Most of the government's 20,000 executives and would-be executives are watching the Department of Energy these days for a preview of what may be down the road for them.
DOE (Whose passive initials Bolie the virile, pipe-between-the-teeth, crisis in-the-air atmosphere of the government's newest department) has set up a tough-sounding reward-punishment system for its top management corps which, incidentally, is one of the largest in government.
The new energy Executive Service disbelived by many to be the forerunner (if it works) for a broader executive management service, to be called the Executive Management Service, that would be set up government-wide.
New members of DOE's EES (mostly brought over from agencies DOE absorbed) have been briefed on their new work-life status. Not all of them are crazy about the charges that will be spelled out next week in a seven-page management directive telling the officials who they are, what they are not, and how things are to be.
Job-security won't be high on the list of pluses for the 511 members of the EES. Nor will easily recognizable badges of status. A thumbnail sketch of the new EES shows it has:
No grades. There will not be any Grades 16, 17 or 18 personnel in the EES. Employees will be hired by the secretary for his designee) and pay will be set for the job.
Pay will range between $42,423 and $47,500).
Individuals will be appointed to the EES rather than to positions. They can be moved in and out of jobs at the pleasure of the boss.
EES members serve at the pleasure of top management. Executives who have career civil service status who don't measure up can and will be put back to Grade 15 jobs. Even individuals who come into the EES from higher grade jobs can be demoted to Grade 15 if they don't measure up.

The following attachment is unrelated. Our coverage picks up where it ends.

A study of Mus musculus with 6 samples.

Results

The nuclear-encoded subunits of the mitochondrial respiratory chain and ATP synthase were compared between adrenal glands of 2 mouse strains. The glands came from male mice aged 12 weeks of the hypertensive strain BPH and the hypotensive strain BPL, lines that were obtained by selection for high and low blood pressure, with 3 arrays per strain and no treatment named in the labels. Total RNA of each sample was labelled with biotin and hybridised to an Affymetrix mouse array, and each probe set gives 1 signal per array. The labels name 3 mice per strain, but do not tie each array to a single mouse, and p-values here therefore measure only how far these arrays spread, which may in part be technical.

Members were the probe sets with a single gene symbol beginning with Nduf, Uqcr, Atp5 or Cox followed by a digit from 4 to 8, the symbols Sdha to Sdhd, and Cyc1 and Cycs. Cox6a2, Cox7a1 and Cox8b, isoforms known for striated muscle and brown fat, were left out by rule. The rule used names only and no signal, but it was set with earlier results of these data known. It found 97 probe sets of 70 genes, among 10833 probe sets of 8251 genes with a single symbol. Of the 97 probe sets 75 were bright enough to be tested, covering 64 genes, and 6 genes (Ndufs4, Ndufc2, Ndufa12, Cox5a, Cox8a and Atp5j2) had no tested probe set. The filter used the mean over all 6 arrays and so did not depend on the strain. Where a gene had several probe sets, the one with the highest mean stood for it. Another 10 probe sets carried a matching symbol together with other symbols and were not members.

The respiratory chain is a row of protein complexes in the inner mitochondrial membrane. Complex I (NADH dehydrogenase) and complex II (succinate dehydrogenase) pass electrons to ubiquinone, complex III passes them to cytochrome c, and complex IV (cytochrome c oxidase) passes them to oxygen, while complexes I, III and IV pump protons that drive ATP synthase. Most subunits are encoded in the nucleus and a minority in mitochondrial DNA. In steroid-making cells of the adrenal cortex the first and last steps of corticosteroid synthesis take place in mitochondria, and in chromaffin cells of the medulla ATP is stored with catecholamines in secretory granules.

New people (individuals from outside government) who don't have career federal status will not be given it. If they don't measure up they will be fired.
Executives will serve where needed for as long as needed. This is supposed to happen in otheragencies, but geographic transfers (except for promotion) are relatively rare except in agencies like Treasury and Agriculture. Individuals in the EES who refuse transfers or assignments can be bounced back to GS 15, or fired depending on their status or lack of it.
DOE includes personnel from Energy Research and Development Administration and chunks of Federal Power Commission, Interior, Commerce, Interstate Commerce Commission and Navy. The ERDA people had something like the tough new executive servicecorps, but for the others EES is new. There are 511 slots authorised for the corps, and about 428 are now filled. In addition, DOE will have another 178 supergrade (GS 16, 17 and 18) jobs, mostly to work in the Federal Energy Regulatory Commission.
Energy Department creators insisted on the tough management authority, which Congress granted without much opposition. It it succeeds it will certainly make it easier for Carter administration aides to push through a similar tough new management system for other federal agencies.
What A Novel Idea: The Agriculture Department said yesterday it will streamline operations, increase effiency and cut its number of agencies in half without eliminating a single job. In what must be the 57,000th government reorganization plan of this decade.Agriculture brass say the new mergers and shakeups will follow the President's promise to make government more responsive while protecting job rights of civil servants. Example: The Offices of Congressional Affairs, Communications and Intergovernment Affairs will be lumped into the Office of Governmental and Public Affairs - thereby "eliminating" two agencies.
Across town, the General Services Administration launched a 6-month study that it says will lead to a major reorganization. Meantime, HEW continues to reorganize ... Commerce is reorganizing ... the Pentagon is retrenching.